How To Identify And Fight Implicit Bias in Medicine

Implicit bias refers to the attitudes, beliefs, and associations that influence a person’s actions in an unconscious way. Implicit bias is different from the explicit discrimination and “-isms” that are usually discussed. Explicit racism, sexism, and other forms of bigotry are relatively easy to identify and deride. They are driven by beliefs held in your conscious mind that a person can readily identify. Implicit bias, however, is more insidious. Your implicit biases operate beneath your conscious awareness, allowing them to fester and grow unchecked. Nevertheless, implicit biases can be just as harmful as the explicit forms of bigotry that are (mostly) openly rejected by society.

For example, a medical professional may unconsciously hold the belief that Black people are less sensitive to pain. While this is factually incorrect and goes against what they think consciously, that underlying belief can shape their medical decision making. Research has shown that minorities are less likely to receive adequate pain management for both acute and chronic pain. Despite the evidence that this occurs, it is hard to identify what influences physicians to prescribe less pain medication to people of certain backgrounds. Many believe that implicit biases play a part in this disparity because physician discretion influences which medicines are prescribed and to whom. If that is true, then tackling these implicit biases is important to improving patient care and achieving health equity. While I am definitely not an expert, I reached out to a few knowledgeable people and did a bit of research which led to the following ideas.

First, identify the problem

It can be really difficult to change beliefs that a person may not even be aware that they hold. Thus, on an individual level, the first step is increasing your awareness of your own biases. There are many online tests that actually can help to uncover your biases by forcing you to quickly make associations between adjectives and different groups of people. Harvard University’s Project Implicit is the most well-known example.

Beyond taking an online test, there are also more reflective methods to assess your biases. If you are on the wards, it can be helpful to pay attention to which patients you spend the most time with and enjoy being around. Alternatively, it can be helpful to notice which patients regularly cause negative emotions like apprehension or annoyance. Noting these down and reflecting on them may reveal that you prefer patients of particular races, socioeconomic classes, ages, or education levels.

For most people, such patterns will exist. We are primed by the media to make particular associations based on the images we are repeatedly shown. Additionally, when it comes to groups you do not have personal experience with, the media priming might be the only thing forming your subconscious bias. What’s important to know is that implicit biases can be influenced and controlled once they have been identified. Many medical schools exist in communities that are lower in socioeconomic status and that are more ethnically diverse than the medical students and professionals that practice on them. Especially in these contexts, we have an obligation to do the internal work on ourselves to make sure we are providing care with as little bias as possible.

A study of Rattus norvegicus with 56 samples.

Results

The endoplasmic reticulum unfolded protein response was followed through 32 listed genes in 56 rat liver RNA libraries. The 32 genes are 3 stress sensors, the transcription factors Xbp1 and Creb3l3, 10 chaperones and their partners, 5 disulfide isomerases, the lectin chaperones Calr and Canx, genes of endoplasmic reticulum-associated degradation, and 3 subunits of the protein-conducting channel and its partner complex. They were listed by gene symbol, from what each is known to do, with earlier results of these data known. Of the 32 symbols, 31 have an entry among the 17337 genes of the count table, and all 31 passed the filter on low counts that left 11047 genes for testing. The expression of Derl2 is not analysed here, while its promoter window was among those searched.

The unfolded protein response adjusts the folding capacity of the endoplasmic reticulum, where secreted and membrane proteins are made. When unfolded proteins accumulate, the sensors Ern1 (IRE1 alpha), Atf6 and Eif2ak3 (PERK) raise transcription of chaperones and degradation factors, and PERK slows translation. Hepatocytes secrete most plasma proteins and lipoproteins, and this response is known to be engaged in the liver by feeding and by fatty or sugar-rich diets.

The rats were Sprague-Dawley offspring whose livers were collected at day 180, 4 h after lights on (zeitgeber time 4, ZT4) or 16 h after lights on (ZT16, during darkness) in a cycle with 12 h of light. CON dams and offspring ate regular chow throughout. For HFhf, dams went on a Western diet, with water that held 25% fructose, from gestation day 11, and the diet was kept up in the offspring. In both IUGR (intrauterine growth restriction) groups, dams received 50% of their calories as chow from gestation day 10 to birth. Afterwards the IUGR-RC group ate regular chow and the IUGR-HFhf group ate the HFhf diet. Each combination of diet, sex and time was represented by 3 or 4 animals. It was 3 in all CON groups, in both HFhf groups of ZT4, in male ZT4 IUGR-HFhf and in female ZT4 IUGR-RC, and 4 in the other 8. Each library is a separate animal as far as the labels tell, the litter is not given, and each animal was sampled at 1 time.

Intentionally choose discomfort — for yourself and peers

After you notice that you are uncomfortable around a patient due to a bias, you can use that as an opportunity to challenge yourself. If time allows, get out of your comfort zone and spend a bit more time with those patients. Take a little extra time to think about the care you are providing them.

Besides yourself, pay attention to the people around you. Take note of which patients are not being treated as well by your institution. As students, we are often on the bottom of the totem pole so it can be difficult to speak up directly. However, you can always attempt to counteract the actions of others by being particularly kind or attentive to a patient who may be getting the short end of the stick. Of course, most hospitals will also have a mechanism for anonymously reporting an incident if you think it is warranted.

All in all, implicit bias is a complex, pervasive, and indolent phenomenon in our world and in the healthcare field. However, by learning, reflecting and challenging ourselves I believe students can begin to minimize its impacts on how we treat our patients.

Christina Amutah

    Christina Amutah is a first year medical student at the Perelman School of Medicine at University of Pennsylvania. Christina graduated from Howard University in 2016 where she studied Political Science and was involved in health education and health policy activities. After graduating, Christina spent a year in Botswana through a Princeton in Africa fellowship. During that year, she created health education programming for youth living with HIV and solidified her interest in global health. After that year, Christina returned to her hometown of Philadelphia and worked in a high school as a sexual health counselor and educator. She is interested in pursuing a career that blends medicine, global health and social justice.